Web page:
In trademark opposition proceedings, prior rights may be cited against the opposed trademark. Article 31 of the Trademark Law provides that:

"[a]n application for registration of a trademark shall not be of such a nature as to infringe the existing earlier right of another person. An application shall not be made with intent to register a trademark which is used by another person and enjoys [a] certain reputation."

Copyright is one of the prior rights that may be cited in trademark oppositions. The Chinese courts have recently confirmed that copyright can be invoked in respect of a stylised trademark logo.


In 2002 Mr Su applied to the China Trademark Office to register the mark below in Class 11:

The mark incorporated the Chinese transliteration of the word 'summit'. It was identical to the trademark registered by the opponent, Guangdong Xin Ming Zhu Ceramics Group Co Ltd, which had registered it in 2001 for goods in Class 10. In the trademark opposition proceedings, and in the review by the Trademark Review and Adjudication Board that followed, the opponent argued that the application constituted infringement of its well-known trademark and of its copyright in the logo; however, this argument was rejected on both occasions.

Court decisions

In 2010 the opponent appealed to the Beijing Number 1 Intermediate Court. The court found that Xin Ming Zhu had provided the board with a trademark registration certificate, an affidavit from the logo designer and drawings of the logo bearing its corporate seal. In the absence of evidence to the contrary, this was sufficient to prove that before the application for the disputed trademark, the opponent had asserted copyright in its trademark and had published it by means of registration. The relevant public therefore had access to the trademark logo. The disputed mark was identical to the opponent's trademark and thus infringed the opponent's prior copyright. The court found that the board had failed to examine the drawings provided by the opponent, and held that the board's decision should be reversed.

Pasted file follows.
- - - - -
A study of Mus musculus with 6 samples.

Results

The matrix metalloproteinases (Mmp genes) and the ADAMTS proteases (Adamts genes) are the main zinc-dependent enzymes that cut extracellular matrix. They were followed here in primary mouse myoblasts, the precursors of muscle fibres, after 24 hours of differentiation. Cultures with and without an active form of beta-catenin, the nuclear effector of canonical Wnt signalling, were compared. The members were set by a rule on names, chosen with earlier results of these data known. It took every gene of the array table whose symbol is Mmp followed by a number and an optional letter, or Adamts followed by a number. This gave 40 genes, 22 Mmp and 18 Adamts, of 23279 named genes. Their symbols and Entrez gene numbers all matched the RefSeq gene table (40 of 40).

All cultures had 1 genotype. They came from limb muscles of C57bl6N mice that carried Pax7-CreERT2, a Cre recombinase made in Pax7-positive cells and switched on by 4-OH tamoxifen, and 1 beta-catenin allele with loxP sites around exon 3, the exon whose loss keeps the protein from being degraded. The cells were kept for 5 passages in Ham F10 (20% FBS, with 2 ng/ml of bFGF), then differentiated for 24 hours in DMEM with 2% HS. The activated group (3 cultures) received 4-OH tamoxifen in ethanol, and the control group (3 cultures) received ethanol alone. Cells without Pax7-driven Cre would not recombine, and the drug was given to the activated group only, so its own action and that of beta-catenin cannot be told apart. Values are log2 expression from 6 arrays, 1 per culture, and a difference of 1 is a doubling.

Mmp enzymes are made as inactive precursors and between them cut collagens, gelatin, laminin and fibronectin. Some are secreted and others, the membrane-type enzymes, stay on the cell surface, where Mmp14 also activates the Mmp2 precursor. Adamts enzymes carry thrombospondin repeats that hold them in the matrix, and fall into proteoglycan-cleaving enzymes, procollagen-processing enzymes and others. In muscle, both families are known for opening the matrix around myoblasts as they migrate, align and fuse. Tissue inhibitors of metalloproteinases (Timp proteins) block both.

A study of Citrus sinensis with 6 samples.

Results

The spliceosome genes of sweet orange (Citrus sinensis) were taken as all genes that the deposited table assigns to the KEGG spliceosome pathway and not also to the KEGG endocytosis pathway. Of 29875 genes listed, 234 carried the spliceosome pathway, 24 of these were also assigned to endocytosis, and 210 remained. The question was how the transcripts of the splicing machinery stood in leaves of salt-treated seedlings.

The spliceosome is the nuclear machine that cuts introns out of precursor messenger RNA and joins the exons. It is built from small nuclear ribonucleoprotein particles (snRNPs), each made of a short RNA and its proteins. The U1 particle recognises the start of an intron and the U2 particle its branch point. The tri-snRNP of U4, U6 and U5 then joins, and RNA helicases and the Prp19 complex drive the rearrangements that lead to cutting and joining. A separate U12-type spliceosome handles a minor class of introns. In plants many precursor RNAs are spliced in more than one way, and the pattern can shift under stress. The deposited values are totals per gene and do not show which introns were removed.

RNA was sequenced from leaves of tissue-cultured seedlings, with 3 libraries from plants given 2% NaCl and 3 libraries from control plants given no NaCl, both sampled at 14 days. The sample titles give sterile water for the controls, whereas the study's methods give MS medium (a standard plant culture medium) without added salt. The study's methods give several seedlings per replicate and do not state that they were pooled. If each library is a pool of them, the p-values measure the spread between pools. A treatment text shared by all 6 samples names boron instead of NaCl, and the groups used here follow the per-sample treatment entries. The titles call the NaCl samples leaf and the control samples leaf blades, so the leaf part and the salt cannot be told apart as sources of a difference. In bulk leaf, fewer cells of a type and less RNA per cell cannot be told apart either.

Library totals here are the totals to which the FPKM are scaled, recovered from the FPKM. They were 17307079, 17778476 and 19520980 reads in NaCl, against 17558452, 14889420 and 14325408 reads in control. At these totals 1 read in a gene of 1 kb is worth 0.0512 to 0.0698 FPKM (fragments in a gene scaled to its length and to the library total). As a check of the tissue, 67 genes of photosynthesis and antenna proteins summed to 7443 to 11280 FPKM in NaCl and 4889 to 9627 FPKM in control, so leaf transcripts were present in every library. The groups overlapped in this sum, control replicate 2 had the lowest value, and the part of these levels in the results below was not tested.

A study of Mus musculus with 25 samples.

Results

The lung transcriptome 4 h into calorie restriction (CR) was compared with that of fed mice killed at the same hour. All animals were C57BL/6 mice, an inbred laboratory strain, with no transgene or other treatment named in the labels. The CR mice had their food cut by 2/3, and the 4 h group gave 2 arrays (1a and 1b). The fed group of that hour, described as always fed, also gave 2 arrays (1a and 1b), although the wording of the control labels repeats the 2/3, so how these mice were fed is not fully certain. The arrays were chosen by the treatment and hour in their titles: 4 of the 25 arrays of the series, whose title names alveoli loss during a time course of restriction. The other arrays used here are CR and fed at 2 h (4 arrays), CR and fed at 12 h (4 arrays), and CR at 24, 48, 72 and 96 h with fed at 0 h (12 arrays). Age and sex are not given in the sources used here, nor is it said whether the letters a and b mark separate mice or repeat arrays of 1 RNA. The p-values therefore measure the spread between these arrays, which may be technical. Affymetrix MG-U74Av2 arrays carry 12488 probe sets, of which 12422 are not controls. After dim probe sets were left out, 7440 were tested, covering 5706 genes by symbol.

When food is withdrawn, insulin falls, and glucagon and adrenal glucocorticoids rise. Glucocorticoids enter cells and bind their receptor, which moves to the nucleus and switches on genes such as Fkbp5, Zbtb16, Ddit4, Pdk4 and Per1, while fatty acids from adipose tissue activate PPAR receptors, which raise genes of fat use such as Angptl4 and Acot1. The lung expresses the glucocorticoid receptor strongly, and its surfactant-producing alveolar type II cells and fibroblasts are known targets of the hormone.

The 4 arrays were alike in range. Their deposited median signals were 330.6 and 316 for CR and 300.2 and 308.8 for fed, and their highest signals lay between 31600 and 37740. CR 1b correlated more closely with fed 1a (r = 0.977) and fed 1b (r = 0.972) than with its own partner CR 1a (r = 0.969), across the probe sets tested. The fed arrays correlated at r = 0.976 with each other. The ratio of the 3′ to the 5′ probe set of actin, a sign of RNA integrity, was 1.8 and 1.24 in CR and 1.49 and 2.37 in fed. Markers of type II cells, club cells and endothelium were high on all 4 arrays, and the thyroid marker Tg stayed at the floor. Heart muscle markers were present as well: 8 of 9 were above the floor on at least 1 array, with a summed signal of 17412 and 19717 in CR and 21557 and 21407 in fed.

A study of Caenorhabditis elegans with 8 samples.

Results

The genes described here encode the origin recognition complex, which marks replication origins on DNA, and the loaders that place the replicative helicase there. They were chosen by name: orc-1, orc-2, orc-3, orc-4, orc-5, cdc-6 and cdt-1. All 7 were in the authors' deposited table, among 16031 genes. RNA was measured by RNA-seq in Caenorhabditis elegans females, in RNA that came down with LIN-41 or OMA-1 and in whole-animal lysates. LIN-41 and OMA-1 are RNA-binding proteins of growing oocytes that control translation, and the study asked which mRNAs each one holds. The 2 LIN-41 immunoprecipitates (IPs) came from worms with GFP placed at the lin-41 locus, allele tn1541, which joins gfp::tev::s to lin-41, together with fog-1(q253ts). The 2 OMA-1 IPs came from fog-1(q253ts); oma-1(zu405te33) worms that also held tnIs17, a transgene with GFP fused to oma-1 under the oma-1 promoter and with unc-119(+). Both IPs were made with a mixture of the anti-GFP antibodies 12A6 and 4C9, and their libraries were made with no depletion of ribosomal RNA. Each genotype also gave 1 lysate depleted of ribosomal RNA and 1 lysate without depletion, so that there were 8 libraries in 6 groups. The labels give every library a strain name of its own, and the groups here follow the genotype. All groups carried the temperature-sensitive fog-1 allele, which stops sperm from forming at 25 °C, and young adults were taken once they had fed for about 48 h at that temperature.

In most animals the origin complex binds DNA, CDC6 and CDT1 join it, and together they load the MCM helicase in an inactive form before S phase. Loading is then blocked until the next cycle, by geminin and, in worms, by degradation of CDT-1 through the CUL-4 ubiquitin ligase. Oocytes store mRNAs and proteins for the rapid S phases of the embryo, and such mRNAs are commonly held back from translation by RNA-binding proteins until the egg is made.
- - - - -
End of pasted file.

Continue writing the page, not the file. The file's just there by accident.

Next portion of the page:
In 2011 the Beijing Higher Court affirmed the lower court's decision and the board rejected Su's trademark application.(1)


In trademark opposition proceedings in China, it is difficult to seek recognition of well-known trademark status or to prove that the opponent's trademark, although not registered in China, has obtained sufficient reputation through use. However, in many cases the disputed trademark is a slavish copy of the opponent's stylised trademark. If the opponent can provide evidence that it holds copyright in the stylised trademark, the authorities may uphold the opposition under Article 31 of the Trademark Law.

In practice, the standard of creativity required for a work under Chinese copyright law is fairly low, so a stylised trademark may well be regarded as eligible for copyright (ie, categorised as a 'work of fine art' under China's Copyright Law). Citing copyright in a trademark opposition can be either a last resort or a supplementary argument.

However, it is not enough for the opponent simply to provide its prior trademark registration certificate to prove that it holds the copyright in the stylised logo, as a trademark registrant does not necessarily own the copyright. Supplementary evidence must be provided, such as a contract with the designer, logo drawings and potentially even a copyright registration certificate.